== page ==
Being in a band in Simi Valley is sort of like trying to sell Playboy subscriptions in Iran. It's tough. Although Simi Valley has plenty of rockers, it doesn't rock much.
Take, for example, Scared Straight--local punkers with 10 years' experience, and survivors of many a local party. They'll be opening for NOFX tonight--right, not in Simi Valley--but at the Mayfair Theatre in Ventura.
Ten years is a long time for a band, but Scared Straight has mitigating circumstances. The singer, Scott Radinsky, is a relief pitcher for the Chicago White Sox. Since the band isn't into karaoke, there are no Scared Straight gigs between February and October. Hey, the Dodgers could use a mean left-handed relief pitcher, but that's another story.
The band began in a garage in the early '80s, inspired by the Oxnard punk scene known as Nardcore. Loud and fast are the operative words here. Scared Straight put out an album around 1985, later an EP, and the band has appeared on several compilation albums since then on the shadowy Mystic label. They hope to record a CD later this month, or before Radinsky has to report to spring training in Sarasota, Fla.
Scared Straight features Radinsky doing vocals, Dennis Jagard and Steve Carnan on guitar, Pete Newberry on bass and Jordan Lieberman hitting the drums. On a sunny Saturday afternoon, Radinsky--having arrived not by limo but by skateboard--and Jagard discussed the life and times of their favorite band.
How often does Scared Straight play?
Jagard: Whenever we can get shows between October and February, which is usually about six or eight times per year. Lately the band has been a hobby for four months a year, but we're getting more serious this year, and are going to do some recording.
What's the east county music scene like?
Jagard: Mostly what's happening here is a lot of alternative rock. Lately, they've been having some shows at Cheers, but the sound system there is pretty cheesy.
Radinsky: The people with the money to put on shows don't have a connection with the young people. We've probably played at over 100 parties, most of those more than seven years ago.
Did the band's name come from that movie about those gnarly criminals scaring all those kids?
Jagard: Yeah, it did. There wasn't too much thought put into it. We were only 14, and that was a better name than anyone else could come up with. We started playing in Scott's garage around 1981--just a bunch of junior high school kids trying to learn how to play music.
How would you describe Scared Straight music?
Jagard: It's beefy. We were influenced by Minor Threat and all those Nardcore bands like Agression, Dr. Know, Ill Repute and Stalag 13. There is never a time when we think a song is done, because our music is always evolving. If we wanted to, we could probably play for an hour and a half, but we like it short and sweet. We don't dress up. We just play loud, fast music and jump around.
Radinsky: There's definitely some energy and some melodic power, but it's still fast. Even people who never liked punk like us and enjoy our shows. There's punks everywhere.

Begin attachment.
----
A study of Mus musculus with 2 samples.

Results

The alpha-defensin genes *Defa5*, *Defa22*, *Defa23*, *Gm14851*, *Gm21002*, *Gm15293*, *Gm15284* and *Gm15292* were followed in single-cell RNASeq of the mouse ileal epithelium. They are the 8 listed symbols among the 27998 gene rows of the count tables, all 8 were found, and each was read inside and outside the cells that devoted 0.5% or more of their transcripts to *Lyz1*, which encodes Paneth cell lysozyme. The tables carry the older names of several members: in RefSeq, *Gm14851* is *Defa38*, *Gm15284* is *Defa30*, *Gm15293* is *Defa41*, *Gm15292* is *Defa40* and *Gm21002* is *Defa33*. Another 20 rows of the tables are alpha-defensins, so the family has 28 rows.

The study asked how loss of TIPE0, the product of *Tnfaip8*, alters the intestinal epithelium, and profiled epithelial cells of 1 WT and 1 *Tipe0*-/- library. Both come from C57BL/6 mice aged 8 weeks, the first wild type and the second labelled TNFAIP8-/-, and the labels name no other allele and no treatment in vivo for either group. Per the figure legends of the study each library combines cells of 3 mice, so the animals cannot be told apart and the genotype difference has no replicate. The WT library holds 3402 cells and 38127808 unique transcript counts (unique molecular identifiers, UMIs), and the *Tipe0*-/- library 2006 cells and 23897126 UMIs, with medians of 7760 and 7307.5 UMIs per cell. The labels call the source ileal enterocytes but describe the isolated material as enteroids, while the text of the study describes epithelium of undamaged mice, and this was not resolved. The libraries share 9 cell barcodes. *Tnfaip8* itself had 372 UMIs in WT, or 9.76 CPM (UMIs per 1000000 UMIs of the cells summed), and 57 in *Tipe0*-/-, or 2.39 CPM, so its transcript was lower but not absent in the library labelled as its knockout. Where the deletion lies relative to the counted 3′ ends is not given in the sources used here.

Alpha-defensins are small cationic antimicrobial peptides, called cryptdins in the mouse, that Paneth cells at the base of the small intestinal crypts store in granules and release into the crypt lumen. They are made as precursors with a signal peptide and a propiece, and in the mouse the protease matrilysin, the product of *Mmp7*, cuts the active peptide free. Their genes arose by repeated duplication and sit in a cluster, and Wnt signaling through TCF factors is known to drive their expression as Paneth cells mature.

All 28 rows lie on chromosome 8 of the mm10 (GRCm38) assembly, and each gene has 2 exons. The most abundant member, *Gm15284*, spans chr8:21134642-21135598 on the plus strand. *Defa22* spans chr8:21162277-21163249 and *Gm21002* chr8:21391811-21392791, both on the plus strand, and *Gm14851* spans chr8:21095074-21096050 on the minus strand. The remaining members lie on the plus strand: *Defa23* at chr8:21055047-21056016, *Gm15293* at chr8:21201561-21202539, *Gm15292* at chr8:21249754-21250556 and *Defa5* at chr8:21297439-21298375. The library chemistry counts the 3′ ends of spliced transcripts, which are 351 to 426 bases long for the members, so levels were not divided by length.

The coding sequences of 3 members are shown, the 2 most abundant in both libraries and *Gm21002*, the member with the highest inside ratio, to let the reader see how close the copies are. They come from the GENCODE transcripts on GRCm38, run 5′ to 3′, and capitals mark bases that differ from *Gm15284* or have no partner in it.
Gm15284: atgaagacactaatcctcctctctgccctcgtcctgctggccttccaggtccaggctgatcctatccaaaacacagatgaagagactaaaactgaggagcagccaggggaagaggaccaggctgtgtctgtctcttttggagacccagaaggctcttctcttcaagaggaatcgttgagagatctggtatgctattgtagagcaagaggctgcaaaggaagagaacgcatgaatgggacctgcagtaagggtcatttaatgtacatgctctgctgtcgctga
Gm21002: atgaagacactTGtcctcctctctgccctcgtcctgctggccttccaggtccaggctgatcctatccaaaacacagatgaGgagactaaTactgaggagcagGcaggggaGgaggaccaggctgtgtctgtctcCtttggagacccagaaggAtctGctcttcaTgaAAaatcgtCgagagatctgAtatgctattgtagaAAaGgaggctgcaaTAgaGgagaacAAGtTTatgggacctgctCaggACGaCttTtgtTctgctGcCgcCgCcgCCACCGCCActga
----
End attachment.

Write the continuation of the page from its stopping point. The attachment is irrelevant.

Is punk getting bigger or smaller?
Jagard: It's getting a somewhat wider audience partly because some of the bands like Nirvana have taken so much from punk. Now, people are more likely to check it out. People who never listened to punk before would listen to it now because they're used to the speed and the style.
Radinsky: In high school, people were listening to the Go-Gos and Van Halen, and not to Black Flag. Now they listen to Nirvana. Punk has definitely gotten more melodic.
Will little Buffy Co-ed get squished like a bug if she goes to your show?
Jagard: No. We don't have a special cult following. We attract the young skate crowd, plus the old hard-core Nardcore crowd. We want our gigs to be a cool, safe place to be. Fifteen people shouldn't be able to shut down a show with 500 people inside and the cops just waiting outside.
Radinsky: The last time we played, people were slamming to "Teen Spirit." (Nirvana's big hit) It was the biggest pit of the night. You should know the difference between slam dancing and beating people's heads into the ground.
What was the strangest Scared Straight gig?
Jagard: One time in Wisconsin, around 1985, I had to stand outside on the sidewalk to play because I was underage. I guess they thought everyone else was old enough. When the cops pulled up, they pulled me into the club.
So how does a band get signed out of Simi Valley?
Jagard: We're not the people to ask.
Radinsky: We're capable of doing it ourselves. We're going to record an independent CD, which should be out around May.
So until then, I assume, you all have day jobs?
Jagard: Yes, I do sound reinforcement and rent sound equipment. Pete works for a veterinarian. Steve has a carpet cleaning business. Jordan is a professional motorcycle rider. Scott just throws things.
Could Scared Straight do the national anthem at Comiskey Park?
Radinsky: Totally, but we probably wouldn't.
How 'bout those Dodgers?
Radinsky: I've been a Dodger fan all my life. I grew up with the Dodger teams of the '70s--Garvey, Lopes, Russell and Cey. When we play in Anaheim Stadium and when I drive by Dodger Stadium, I keep thinking it's half an hour closer to home. But Chicago's a great baseball town. There's a river running through the middle of town--half is for the White Sox, the other half for the Cubs. I'd still love to play for the Dodgers.